New Ependymoma Research Effort Included in NBTS Flagship Research Project, DNA Damage Response (DDR) Consortium
National Brain Tumor Society’s DNA Damage Response (DDR) Consortium is a collaboration of world-class researchers advancing an emerging and promising, but underdeveloped, area of cancer research: a tumor’s DDR network.
National Brain Tumor Society’s DNA Damage Response (DDR) Consortium has the ability to cultivate this budding area of research and propel an entirely new class of treatments forward for both adults and children with multiple different types of malignant brain tumors, including ependymoma. We are pleased to announce that a new ependymoma research effort at St. Jude Children’s Research Hospital will be among the consortium’s projects.
The consortium will test different drugs in the laboratory, share data, and then bring the most promising drugs forward to evaluate in clinical trials that match the right drugs with the right patients. The consortium is made up of a diverse team of world-class researchers from across the United States with unparalleled expertise and the experience needed to rapidly develop and advance these drugs.
Recently, the National Brain Tumor Society announced exciting new additions to the DNA Damage Response Consortium. St. Jude Children’s Research Hospital is one of the four new world class hospitals joining the consortium. The ependymoma research component of the DDR Consortium is supported by the CERN Foundation, a program of the National Brain Tumor Society, and will incorporate drug testing in ependymoma models to see if drugs called DNA Damage Response inhibitors would help identify new therapeutic targets. Leveraging the efforts of the larger DDR Consortium by incorporating an ependymoma component is a strategic effort to leverage the resources of a large and expert consortium, with expertise in advanced scientific methods, to better serve a rare brain tumor population like ependymoma.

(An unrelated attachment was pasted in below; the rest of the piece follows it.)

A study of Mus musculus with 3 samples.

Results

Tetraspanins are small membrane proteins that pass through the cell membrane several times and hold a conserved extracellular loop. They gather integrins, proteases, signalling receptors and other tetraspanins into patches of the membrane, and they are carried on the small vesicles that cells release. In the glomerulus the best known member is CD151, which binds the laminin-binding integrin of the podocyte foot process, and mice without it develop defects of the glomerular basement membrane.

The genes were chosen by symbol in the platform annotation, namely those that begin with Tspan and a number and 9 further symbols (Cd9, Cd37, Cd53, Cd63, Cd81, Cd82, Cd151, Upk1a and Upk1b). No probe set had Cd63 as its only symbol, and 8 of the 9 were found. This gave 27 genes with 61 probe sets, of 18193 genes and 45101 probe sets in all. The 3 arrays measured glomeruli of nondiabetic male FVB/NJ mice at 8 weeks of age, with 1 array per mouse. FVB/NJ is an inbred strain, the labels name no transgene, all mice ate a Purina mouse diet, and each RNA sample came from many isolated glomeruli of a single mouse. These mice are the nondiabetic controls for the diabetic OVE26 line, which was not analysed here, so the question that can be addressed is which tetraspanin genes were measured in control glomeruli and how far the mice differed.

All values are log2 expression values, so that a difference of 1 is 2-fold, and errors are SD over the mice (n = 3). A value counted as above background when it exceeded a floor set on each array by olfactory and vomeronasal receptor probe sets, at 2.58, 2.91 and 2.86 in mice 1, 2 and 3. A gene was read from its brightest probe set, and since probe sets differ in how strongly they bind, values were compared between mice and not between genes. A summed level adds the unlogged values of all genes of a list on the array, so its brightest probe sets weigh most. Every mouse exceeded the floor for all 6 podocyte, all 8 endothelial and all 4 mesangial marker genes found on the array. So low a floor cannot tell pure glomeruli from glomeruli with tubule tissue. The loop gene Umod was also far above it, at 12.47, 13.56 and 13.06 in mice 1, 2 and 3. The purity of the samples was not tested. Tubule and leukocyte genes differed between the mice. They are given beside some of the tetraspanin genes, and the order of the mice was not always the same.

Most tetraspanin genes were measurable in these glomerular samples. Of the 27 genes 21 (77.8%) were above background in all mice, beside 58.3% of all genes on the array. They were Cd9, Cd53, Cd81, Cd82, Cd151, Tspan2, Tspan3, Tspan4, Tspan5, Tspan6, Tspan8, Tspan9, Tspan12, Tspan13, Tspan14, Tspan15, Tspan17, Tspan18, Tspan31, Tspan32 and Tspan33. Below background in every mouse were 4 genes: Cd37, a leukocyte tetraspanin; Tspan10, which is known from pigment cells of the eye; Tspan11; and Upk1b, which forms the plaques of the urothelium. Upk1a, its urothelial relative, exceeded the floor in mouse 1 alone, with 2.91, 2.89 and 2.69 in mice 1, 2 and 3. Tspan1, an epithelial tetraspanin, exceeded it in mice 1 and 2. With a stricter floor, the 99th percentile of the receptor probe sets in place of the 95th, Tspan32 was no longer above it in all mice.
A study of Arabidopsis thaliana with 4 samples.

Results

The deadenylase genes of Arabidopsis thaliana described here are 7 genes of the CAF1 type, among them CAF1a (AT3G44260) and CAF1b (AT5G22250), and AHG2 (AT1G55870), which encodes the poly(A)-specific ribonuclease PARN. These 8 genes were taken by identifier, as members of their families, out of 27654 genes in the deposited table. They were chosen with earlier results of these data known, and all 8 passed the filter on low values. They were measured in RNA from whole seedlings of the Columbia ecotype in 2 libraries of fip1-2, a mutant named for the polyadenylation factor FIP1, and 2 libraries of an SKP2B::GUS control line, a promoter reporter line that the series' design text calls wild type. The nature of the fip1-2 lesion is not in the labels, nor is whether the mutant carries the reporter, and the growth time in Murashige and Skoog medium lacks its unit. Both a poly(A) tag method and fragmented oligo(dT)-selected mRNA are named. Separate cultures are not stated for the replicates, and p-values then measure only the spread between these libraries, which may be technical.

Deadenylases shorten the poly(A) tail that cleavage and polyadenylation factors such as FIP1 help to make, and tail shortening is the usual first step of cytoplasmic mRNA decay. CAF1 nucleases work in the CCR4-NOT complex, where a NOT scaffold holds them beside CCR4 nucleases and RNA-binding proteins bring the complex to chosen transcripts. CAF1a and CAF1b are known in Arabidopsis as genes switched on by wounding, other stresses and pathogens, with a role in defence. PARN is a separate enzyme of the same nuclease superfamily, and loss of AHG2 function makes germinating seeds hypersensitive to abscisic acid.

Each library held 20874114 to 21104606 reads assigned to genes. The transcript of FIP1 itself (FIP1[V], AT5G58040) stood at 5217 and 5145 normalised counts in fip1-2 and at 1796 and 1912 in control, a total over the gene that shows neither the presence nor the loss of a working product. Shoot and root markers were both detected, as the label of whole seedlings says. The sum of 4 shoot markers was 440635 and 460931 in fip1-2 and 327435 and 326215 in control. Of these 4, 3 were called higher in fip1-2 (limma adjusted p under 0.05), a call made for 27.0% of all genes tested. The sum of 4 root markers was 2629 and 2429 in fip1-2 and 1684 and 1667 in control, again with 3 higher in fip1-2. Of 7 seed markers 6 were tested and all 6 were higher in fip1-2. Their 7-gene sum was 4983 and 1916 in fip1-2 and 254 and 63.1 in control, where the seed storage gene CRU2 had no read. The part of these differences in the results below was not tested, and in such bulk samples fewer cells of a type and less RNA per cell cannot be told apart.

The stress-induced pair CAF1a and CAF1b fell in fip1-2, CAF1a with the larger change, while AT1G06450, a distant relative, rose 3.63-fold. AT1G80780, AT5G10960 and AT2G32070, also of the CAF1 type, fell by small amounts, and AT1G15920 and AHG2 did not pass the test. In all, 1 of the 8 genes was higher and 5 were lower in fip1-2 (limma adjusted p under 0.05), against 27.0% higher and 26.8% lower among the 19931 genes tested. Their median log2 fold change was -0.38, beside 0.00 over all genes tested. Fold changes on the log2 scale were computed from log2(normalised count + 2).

St. Jude Children’s Research Hospital Project Details
Project Leads: Anang Shelat, PhD; Chris Tinkle, MD, PhD; Stephen Mack, PhD
Project Focus: The team from St. Jude has expertise in DDR, chemical biology, developmental neurobiology, and screening and bioinformatics. Together, they will focus on the toughest types of pediatric brain tumors, including diffuse intrinsic pontine glioma (DIPG)/diffuse midline glioma (DMG), atypical teratoid/rhabdoid tumors (AT/RT), and childhood ependymomas. The pediatric ependymoma work will be funded through the Collaborative Ependymoma Research Network, a program of NBTS. Specifically, the team will test multiple types of DDR-inhibiting drugs like ATR, ATM, and PARP, inhibitors in addition to others in combination, with different DNA damaging agents, like chemotherapy and radiation, in laboratory models.